Guest editorial: $3.5 billion tidal wave of confusion coming your way
On Jan. 1, 2017, Vermonters will begin the “transition” away from the property tax to the income tax as a way to pay for our schools. The income sensitivity program that applies to two-thirds of Vermont households will be phased out and the revenue raised for our schools will come from a blend of property tax payments and the income tax.
You’re in good company.
The legislation is part of H.889, which is the bill that sets the base rates for how we finance our schools. It passed the House earlier this month. It was the decision to phase out the small schools grant that gathered the most attention within the bill. Tucked far down in the legislation is this: “Sec. 23. Education Financing Reform (a) By January 17, 2017, the General Assembly shall transition to a tax system for financing education in Vermont that incorporates an education income tax.”
The bill does not propose to study the issue. It’s more declarative than that. The last paragraph of the section reads: “It is the intent of the General Assembly to pass legislation in 2015 and 2016 to implement subsection (a) of this section so that the first year the education income tax would be in effect would be calendar year 2017, and the money raised would provide funding for schools in fiscal year 2018.”
And no one knew?
That is a substantial policy shift in how we pay for our schools. And it appears to have been a debate that engendered little to no public discussion outside the legislative chambers.
Not only is moving from the property tax to the income tax a big step, the timing is this side of incredulous. It’s next January that legislators must also decide how to come up with $2 billion to pay for the state’s single payer health care plan.
Our schools cost roughly $1.5 billion a year to fund. If the Senate approves the same education financing reform wording as passed by the House, then next January legislators will be tasked with the need to find new funding formulas for both education and health care, which totals roughly $3.5 billion.
It’s almost May and we still have a health care exchange that is not fully functioning. How is it that Vermonters are to feel confident legislators are going to be able to figure out acceptable ways to reallocate $3,500,000,000 in taxpayer dollars to pay for our health care and our schools? All in a single legislative session?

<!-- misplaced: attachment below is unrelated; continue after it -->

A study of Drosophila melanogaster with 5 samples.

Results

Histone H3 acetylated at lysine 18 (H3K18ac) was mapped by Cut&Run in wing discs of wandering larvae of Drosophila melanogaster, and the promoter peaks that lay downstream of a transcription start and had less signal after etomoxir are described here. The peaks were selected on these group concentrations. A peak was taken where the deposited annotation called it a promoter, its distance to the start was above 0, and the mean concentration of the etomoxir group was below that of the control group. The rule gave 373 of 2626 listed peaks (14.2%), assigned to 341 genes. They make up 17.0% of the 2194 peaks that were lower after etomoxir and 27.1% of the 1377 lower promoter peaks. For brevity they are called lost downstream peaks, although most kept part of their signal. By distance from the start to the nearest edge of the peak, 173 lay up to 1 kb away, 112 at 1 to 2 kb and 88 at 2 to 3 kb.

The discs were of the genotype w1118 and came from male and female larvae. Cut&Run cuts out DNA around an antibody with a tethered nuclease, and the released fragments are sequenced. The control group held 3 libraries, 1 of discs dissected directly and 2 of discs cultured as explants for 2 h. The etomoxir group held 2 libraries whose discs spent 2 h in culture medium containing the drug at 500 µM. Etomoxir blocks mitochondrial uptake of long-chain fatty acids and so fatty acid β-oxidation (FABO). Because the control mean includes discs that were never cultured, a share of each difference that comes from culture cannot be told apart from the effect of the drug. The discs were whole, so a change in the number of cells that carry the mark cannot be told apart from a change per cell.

There is already a profound sense of unease as to how we will find an affordable way to pay for the single payer health care system. It was something that we were supposed to already have done, but we haven’t because it’s complicated practically, and politically. Hence it’s been delayed until next January, which is an off-election year.
The debate over how to finance our schools is also complicated, practically and politically, and there are numerous questions to answer: What percentage of the cost of our schools is to be funded by the income tax? Will the tax be indexed according to one’s ability to pay and will it be indexed to inflation? If income sensitivity is dropped, which affects roughly two-thirds of all Vermont households, are they protected against having to pay more through the income tax?
If this is a move toward simplicity and ease of understanding the connection between their schools and their pocketbooks, consider part three of the proposed legislation: “(3) The education income tax which shall be indexed to a taxpayer’s federal adjusted gross income and shall be calculated by dividing the per-equalized-pupil amount of the district’s education spending, divided by a State base spending amount, multiplied by the statewide education income tax base rate, and then multiplied by the taxpayer’s federal adjusted gross income…”
Does that clarify things?
For the average Vermonter, next January is beginning to look like a $3.5 billion tidal wave of confusion.
We’re doing this to ourselves on purpose?
When does someone begin to wave the white flag of surrender?